DENVER, Colo. — March 31 is International Transgender Day of Visibility. It's a day to raise awareness about the discrimination trans individuals face.
One big component of that prejudice is being judged on appearance, and for many trans youth, that can be damaging to their mental health.
Clothing is helping young trans individuals across the country find acceptance. The Transgender Center of the Rockies opened Marsha’s Closet. It provides free clothing and gender-affirming supplies like wigs, shoes and binders to help trans individuals find confidence and happiness.
Alma, a native of Colorado, frequents Marsha’s Closet and has found a home away from home in the community at the Transgender Center of the Rockies.
Shopping at Marsha’s Closet was a completely new experience after she tried to find clothes at the mall.
“You get discriminated, especially if you're barely in your beginning of your transition and you're still not technically the physical, the physical appearance,” said Alma. “It's awkward. It, it's very awkward, and it's very uncomfortable.”
She wanted clothes that made her feel beautiful.
“I was in a time where I felt alone,” said Alma. Marsha’s Closet changed that.
“This is kind of a one-stop-shop for gender-affirming clothing and items,” said Danielle Bono, the director of the Transgender Center of the Rockies. “Our hope is here to really uplift and center trans people.”
Items like wigs and binders, a garment to flatten the chest, can be expensive, but Marsha’s Closet takes that burden away. The closet lets people focus less on how they look and more on living the life that makes them happy.
“Really humanizing that they exist, that they matter, that we really are working alongside them to make sure that trans rights are human rights,” said Bono.
For Alma, shopping at Marsha’s Closet gave her more than just a new wardrobe.
“This place brings me my confidence and brings me joy. They came in the room, and they just told me how beautiful I was. Amazing. It's awesome. They just made me feel welcomed and loved,” said Alma.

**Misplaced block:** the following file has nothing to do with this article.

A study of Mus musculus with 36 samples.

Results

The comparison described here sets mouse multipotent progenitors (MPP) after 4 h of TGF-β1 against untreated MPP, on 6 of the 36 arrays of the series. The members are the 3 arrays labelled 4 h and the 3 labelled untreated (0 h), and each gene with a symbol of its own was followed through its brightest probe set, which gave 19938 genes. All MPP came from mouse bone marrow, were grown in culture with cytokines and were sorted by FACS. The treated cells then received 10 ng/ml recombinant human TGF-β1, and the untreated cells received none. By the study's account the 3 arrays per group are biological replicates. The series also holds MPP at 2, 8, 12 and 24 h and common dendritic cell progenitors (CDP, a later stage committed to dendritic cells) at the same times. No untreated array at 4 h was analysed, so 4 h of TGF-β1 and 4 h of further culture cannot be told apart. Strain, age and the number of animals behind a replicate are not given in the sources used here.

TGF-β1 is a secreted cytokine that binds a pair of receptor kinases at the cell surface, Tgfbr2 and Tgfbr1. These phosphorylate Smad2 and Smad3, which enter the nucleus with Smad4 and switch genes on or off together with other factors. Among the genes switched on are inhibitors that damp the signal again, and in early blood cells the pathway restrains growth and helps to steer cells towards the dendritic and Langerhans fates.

Wearing a dress for the first time made Alma even more excited to honor the woman who inspires her most.
“I actually got my name from my beautiful grandmother. She's a strong, independent woman, and I take all my style, my confidence, everything is from her. And that's why I chose her name,” said Alma.
Alma is now hoping more people, especially trans youth, get the chance to find a place like Marsha’s Closet.
“There's so much need for places like this because, like I said, everyone here makes you feel welcomed,” said Alma.
These closets are starting to pop up across the country to help trans youth find acceptance and improve their mental health.
Universities in California, Arizona, Texas, Nebraska, West Virginia, Georgia, Pennsylvania, and New Jersey opened closets in just the last couple of years.
“I really view gender-affirming clothing as suicide prevention,” said Bono.
Studies have shown having a gender-affirming safe space does lower suicide attempts in trans youth. The most recent study by the Trevor Project, a non-profit working to reduce LGBTQ+ suicide, showed these supportive spaces dropped suicide attempts by 25%.
That’s why Bono and her team here are reaching out to help open more closets across the country. Because as these resources grow, they know, so will support from the community.
“They just give me the confidence that I can make a change in the world myself, too, and if I know I can do it, then I know anyone could do it, too,” said Alma.
The Transgender Center of the Rockies is holding a Transgender Day of Visibility celebration on Friday, April 1 2022 in Denver, Colorado. The entire community is invited to join. For more information, click HERE.